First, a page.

TOKYO- Oil prices resumed their decline on Monday, falling around 1 percent as worries about a drop in demand for fuel products in the wake of yet more lockdowns dominated trading.
Brent crude was down 60 cents, or 0.9 percent, at $63.93 a barrel. US oil was off by 68 cents, or 1.1 percent, at $60.74 a barrel. Both contracts fell by more than 6 percent last week.
Germany plans to extend a lockdown to contain COVID-19 infections into a fifth month, according to a draft proposal, after new cases exceeded levels authorities say will cause hospitals to be overstretched.
“The reality is that we’re still a long way from a full demand recovery, and it’s the record levels of withdrawn production capacity that’s the main prop for the oil market,” said Stephen Innes, chief global market strategist at Axi.
The Organization of the Petroleum Exporting Countries and its allies have put in place unprecedented production cuts in a pact to balance global markets after demand plunged during the COVID-19 pandemic.
US drillers are starting to take advantage of an earlier spike in prices on optimism about returning demand, adding the most rigs for extracting oil since January in the week through Friday.
The oil and gas drilling rig tally, an early indicator of future production, rose nine to 411 last week, the highest since April, energy services firm Baker Hughes Co said in its closely followed report on Friday.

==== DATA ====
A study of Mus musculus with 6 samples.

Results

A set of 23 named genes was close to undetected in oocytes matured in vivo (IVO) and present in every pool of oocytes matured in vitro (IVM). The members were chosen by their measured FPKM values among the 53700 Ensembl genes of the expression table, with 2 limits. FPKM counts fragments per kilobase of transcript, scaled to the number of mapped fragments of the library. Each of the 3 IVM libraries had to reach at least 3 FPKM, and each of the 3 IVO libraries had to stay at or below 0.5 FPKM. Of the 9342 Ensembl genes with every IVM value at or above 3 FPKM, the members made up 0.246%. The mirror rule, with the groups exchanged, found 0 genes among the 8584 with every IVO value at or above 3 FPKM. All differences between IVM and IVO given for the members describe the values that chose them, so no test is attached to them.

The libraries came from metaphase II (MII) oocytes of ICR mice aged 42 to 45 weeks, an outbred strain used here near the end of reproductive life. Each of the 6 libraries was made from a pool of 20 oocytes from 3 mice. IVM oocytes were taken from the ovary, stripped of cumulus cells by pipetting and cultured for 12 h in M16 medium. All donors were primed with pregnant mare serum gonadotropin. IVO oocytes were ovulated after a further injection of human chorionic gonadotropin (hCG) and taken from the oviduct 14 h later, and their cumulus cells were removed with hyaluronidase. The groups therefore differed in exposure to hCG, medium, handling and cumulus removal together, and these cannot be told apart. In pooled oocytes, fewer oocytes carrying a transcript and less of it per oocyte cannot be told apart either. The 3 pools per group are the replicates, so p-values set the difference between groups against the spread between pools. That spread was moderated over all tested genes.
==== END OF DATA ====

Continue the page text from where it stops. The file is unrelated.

The rig count has been rising over the past seven months and is up nearly 70 percent from a record low of 244 in August.
Meanwhile, China’s crude oil imports from Oman and the United Arab Emirates rose 30 percent and 61 percent, respectively, in the first two months of 2021 from the same year-ago period, data from Chinese customs showed on Saturday, as some Iranian barrels were believed to have slipped in.
Data from the General Administration of Chinese Customs showed impor ts from Oman totaled 7.78 million tons and those from the UAE 5.25 million tons during the January-February period.
Reuters reported that Iran has “indirectly” moved record volumes of oil into China in recent months, marked as supplies from Oman, the UAE and Malaysia. Most of the oil ended up in east China’s Shandong province – a hub for the country’s independent refineries.
Saturday’s data recorded zero imports from Iran in the first two months of 2021, versus 668,287 tons a year earlier, due to US sanctions.
China raised total crude oil impor ts in the two months by 4.1 percent over the same period of 2020 supported by firm fuel demand and expanded refining capacity.
Customs data also showed shipments from Saudi Arabia were up 2.1 percent on year at 15.06 million tons, or about 1.86 million bar rels per day (bpd), retaining its position as top supplier.
Imports from second-largest supplier Russia reached 13.93 million tons, or 1.72 million bpd.
Shipments from Brazil, China’s fourth-largest oil supplier for the whole of 2020, fell 36 percent on year to 4.88 million tons.
China brought in 3.42 million tons of US oil in the two-month period, versus zero from a year earlier.